Although eager to adopt the technology, the drug industry says obstacles still hinder widespread implementation.
The HDMA, an association representing distributors of health-care products, agrees that there are still obstacles to RFID's widespread adoption within the pharmaceutical industry. In particular, real-time systems that allow for the sharing and management of RFID data have to be designed, and companies have to integrate new technologies into current business practices and legacy systems. "These changes and processes take time to implement," says Scott Melville, HDMA's senior vice president.
To help advance implementation of RFID and other track-and-trace technologies, the HDMA Foundation (the HDMA's research affiliate) has launched an initiative with the Rutgers University Center for Supply Chain Management to study the key issues of data sharing and data management in the health-care supply chain, Melville says.
Although the FDA stopped short of requiring the pharmaceutical industry to use radio frequency identification, it did call RFID "the most promising technology for implementing electronic track and trace in the drug supply chain," expressing disappointment that the industry had not made greater progress on using the technology in its supply chain.
In early 2004, the FDA stated its hope that by 2006, the supply chain would be using RFID tags at the individual item level for all drugs likely to be counterfeited. It also wanted the industry to be able to tag all drugs at the pallet, case and unit levels the following year (see FDA Endorses RFID Technology).
According to Goldhammer, the industry's slow uptake of RFID shouldn't be a surprise because the obstacles have not yet been overcome. He adds, however, that the FDA's decision to enforce the PDMA may encourage RFID's use. "I think, actually, the pedigree announcement may do more to spur [RFID] because no one wants to be pushing paper pedigrees around," he says. "I don't think there is any shortage of commitment to RFID on the part of the industry, but there is a lack of standards, the infrastructure is still uncertain and the return on investment is still somewhat complex."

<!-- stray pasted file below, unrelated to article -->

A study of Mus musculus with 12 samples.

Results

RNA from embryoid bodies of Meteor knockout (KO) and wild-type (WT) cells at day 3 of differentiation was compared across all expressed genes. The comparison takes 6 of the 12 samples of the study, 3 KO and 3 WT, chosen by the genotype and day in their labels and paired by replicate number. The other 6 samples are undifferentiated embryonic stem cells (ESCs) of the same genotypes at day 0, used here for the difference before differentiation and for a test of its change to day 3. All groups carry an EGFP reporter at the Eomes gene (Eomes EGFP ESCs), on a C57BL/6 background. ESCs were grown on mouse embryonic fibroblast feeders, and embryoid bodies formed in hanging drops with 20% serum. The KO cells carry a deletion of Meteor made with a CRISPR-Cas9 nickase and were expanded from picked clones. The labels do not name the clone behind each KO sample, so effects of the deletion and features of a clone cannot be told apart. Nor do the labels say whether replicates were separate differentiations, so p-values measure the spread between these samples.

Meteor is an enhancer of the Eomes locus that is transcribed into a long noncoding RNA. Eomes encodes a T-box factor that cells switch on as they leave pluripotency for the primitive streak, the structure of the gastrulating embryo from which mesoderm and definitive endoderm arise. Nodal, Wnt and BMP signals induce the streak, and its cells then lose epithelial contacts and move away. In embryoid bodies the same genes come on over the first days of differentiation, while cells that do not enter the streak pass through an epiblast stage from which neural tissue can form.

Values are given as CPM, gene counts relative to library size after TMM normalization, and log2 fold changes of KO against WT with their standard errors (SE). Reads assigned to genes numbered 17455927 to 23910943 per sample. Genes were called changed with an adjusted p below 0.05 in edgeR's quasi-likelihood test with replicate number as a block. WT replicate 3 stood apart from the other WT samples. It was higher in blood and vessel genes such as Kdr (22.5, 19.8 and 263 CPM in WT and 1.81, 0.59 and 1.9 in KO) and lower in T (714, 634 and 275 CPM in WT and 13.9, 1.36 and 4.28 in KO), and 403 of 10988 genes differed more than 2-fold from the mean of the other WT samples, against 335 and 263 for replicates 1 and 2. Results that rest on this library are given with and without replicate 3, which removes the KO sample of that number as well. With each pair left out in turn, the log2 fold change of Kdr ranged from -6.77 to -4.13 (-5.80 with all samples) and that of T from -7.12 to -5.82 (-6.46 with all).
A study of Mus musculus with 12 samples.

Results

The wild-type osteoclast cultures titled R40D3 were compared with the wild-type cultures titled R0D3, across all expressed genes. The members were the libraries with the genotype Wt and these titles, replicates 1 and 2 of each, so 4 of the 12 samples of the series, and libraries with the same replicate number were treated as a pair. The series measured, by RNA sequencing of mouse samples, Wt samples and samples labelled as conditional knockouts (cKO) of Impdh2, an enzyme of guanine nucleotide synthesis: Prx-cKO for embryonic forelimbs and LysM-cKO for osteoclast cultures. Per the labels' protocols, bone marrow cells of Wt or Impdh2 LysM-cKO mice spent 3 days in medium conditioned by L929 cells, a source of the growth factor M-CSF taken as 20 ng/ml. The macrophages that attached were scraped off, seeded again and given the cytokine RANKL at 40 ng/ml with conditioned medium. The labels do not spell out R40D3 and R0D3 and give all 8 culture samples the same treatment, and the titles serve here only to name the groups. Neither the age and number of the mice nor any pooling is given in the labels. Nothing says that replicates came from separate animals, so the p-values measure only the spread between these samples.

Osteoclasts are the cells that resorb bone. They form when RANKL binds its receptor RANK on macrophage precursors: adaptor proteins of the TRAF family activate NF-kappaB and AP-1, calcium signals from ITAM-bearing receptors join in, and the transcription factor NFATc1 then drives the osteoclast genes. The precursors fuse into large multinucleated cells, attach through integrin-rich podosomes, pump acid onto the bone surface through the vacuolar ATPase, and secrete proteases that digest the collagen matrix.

Susan Bishop, director of regulatory affairs with the APhA's policy group, agrees that RFID may make it easier to implement a drug pedigree system. The organization's 57,000 members include practicing pharmacists, pharmaceutical scientists, student pharmacists and pharmacy technicians.
"There are some challenges with the paper [pedigree] system," Bishop says. "APhA has been concerned with the way the FDA has defined an authorized distributor, and that authorized distributors are not required to pass along the pedigree." Authorized distributors are only those that have written agreements with manufacturers; all other distributors are considered unauthorized.
Authorized distributors often sell drugs to unauthorized distributors, which then move the drugs further down the supply chain. Unauthorized distributors are required to produce a pedigree. "But if it wasn't provided by the authorized distributor, how do they get that information?" Bishop asks. "If the industry moves to RFID, it could eliminate that problem because the information would be attached to the product at the point of manufacture."